Pregnancy is mostly uncomplicated, even if you do experience a few niggles along the way, or have one or two less pleasant times. One of the most essential and helpful things you can do to ensure that you have a normal, happy, healthy pregnancy is to believe that this is not a medical condition but rather, a life experience. Take your responsibility to live as healthily as possible seriously, and in most instances, you can influence the outcomes of this momentous new phase of your life for the good.
It is so distressing when expectant couples seem to hand over their role in this prime human experience to the medical world. Yes, there are sometimes complications and risks, there are times when you may need treatment or intervention – however, many interventions and complications are like shutting the stable door after the horse has bolted; or interventions may even lead to complications.
Needlessly worrying about pregnancy and birth is simply using up your emotional energy which could translate into the best medicine of all – optimism!
Warning signs in pregnancy
If you experience any of these seven signs, you should bring them to the attention of your midwife or doctor as soon as possible:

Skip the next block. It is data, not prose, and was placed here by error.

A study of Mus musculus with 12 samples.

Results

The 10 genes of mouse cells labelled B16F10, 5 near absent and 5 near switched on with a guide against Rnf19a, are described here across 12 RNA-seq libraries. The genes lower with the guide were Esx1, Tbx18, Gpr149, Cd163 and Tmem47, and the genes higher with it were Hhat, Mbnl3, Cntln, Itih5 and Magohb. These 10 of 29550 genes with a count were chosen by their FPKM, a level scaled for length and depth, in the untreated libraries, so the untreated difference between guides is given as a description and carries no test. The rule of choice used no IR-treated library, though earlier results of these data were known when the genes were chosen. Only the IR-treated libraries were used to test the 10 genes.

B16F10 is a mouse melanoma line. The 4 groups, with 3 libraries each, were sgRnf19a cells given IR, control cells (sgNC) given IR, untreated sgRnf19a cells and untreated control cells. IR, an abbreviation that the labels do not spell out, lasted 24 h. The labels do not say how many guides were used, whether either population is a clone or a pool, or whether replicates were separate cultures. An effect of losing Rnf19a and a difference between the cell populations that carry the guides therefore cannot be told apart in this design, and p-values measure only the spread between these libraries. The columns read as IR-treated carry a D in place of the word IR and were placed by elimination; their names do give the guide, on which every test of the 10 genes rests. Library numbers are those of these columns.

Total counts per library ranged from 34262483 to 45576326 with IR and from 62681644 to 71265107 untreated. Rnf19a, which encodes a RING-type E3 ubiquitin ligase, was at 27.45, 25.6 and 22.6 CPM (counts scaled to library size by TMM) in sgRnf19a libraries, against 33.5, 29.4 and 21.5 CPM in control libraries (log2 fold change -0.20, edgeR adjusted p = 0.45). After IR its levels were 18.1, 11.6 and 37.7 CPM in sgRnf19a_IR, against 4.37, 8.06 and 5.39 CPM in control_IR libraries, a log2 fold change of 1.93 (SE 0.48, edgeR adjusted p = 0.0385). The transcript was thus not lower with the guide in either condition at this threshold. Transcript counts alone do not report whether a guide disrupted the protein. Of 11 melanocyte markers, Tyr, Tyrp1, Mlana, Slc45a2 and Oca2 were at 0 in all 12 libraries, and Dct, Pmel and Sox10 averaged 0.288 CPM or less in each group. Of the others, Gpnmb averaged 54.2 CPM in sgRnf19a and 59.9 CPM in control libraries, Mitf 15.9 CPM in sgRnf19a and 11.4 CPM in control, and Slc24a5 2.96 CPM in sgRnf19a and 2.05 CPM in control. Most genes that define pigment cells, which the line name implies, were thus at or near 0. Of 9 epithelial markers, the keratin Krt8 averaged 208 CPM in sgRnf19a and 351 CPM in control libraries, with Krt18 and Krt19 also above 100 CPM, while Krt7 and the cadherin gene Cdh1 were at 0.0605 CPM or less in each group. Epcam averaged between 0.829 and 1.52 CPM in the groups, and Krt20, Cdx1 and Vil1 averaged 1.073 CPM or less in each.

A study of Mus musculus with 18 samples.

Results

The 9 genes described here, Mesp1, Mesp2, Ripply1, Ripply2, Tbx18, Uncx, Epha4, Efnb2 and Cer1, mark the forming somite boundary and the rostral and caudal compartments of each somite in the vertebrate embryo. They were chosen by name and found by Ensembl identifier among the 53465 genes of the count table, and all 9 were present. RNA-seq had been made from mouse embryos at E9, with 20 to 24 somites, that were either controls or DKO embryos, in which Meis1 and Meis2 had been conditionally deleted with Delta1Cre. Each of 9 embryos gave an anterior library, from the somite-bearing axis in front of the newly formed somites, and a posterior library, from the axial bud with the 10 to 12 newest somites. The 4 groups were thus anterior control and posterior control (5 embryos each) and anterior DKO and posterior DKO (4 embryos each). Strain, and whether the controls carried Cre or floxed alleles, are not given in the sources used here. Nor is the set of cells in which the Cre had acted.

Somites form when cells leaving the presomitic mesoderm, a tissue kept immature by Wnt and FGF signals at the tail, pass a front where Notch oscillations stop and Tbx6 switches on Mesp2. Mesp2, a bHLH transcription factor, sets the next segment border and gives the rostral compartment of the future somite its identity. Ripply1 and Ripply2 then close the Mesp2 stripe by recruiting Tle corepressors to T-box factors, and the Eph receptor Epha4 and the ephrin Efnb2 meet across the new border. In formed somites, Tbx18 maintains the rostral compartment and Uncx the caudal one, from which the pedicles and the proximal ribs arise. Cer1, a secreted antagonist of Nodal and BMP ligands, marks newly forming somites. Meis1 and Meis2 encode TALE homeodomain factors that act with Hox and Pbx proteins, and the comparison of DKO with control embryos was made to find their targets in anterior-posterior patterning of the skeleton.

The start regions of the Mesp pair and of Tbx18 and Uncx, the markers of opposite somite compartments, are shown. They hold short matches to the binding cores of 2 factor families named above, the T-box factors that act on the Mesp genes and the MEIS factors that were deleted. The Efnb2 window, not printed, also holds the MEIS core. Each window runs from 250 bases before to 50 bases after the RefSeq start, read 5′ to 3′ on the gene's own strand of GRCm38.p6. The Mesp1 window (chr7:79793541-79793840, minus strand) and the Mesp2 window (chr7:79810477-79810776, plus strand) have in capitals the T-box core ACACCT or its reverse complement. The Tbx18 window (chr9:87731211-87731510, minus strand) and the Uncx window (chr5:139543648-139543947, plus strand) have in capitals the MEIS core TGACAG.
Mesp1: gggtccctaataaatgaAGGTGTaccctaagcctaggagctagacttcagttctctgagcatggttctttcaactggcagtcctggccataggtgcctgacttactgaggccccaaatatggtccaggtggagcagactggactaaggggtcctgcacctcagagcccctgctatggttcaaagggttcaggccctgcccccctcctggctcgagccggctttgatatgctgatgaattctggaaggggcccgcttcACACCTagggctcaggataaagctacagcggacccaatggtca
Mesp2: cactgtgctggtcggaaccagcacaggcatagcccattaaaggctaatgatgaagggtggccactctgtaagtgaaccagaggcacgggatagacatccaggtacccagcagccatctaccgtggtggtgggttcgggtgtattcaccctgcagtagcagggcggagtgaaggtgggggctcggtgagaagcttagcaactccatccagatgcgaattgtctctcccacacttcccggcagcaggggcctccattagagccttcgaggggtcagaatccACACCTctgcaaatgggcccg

Bleeding and other abnormal vaginal discharge. This could be an indication of any number of possible pregnancy complications, some more serious than others.
Excessive or very poor weight gain, especially after week 20. This may indicate abnormal swelling on your part, or that your baby is not receiving sufficient nutrients via the placenta.
A significant change in your baby’s movement pattern after week 25. Generally, you should feel no fewer than 10 periods of movement from Baby each day; most important is that Baby does move and that you don’t sense any marked change in pattern – Baby’s movements are the single most important way you can tell that all is well.
Headaches with nausea and visual disturbances. This might indicate that you have pre-eclampsia, and will need careful treatment.
Burning leg pain. This is different to leg cramping, and could be an indication of embolism (blood clots). See your doctor as soon as possible.
Excessive shortness of breath. If it’s more than you would expect from carrying the extra pregnancy weight, it might be serious.
Exceptional swelling, especially if accompanied by visual disturbances, headaches, dizziness and nausea. This should be addressed as soon as possible; it is common with pre-eclampsia.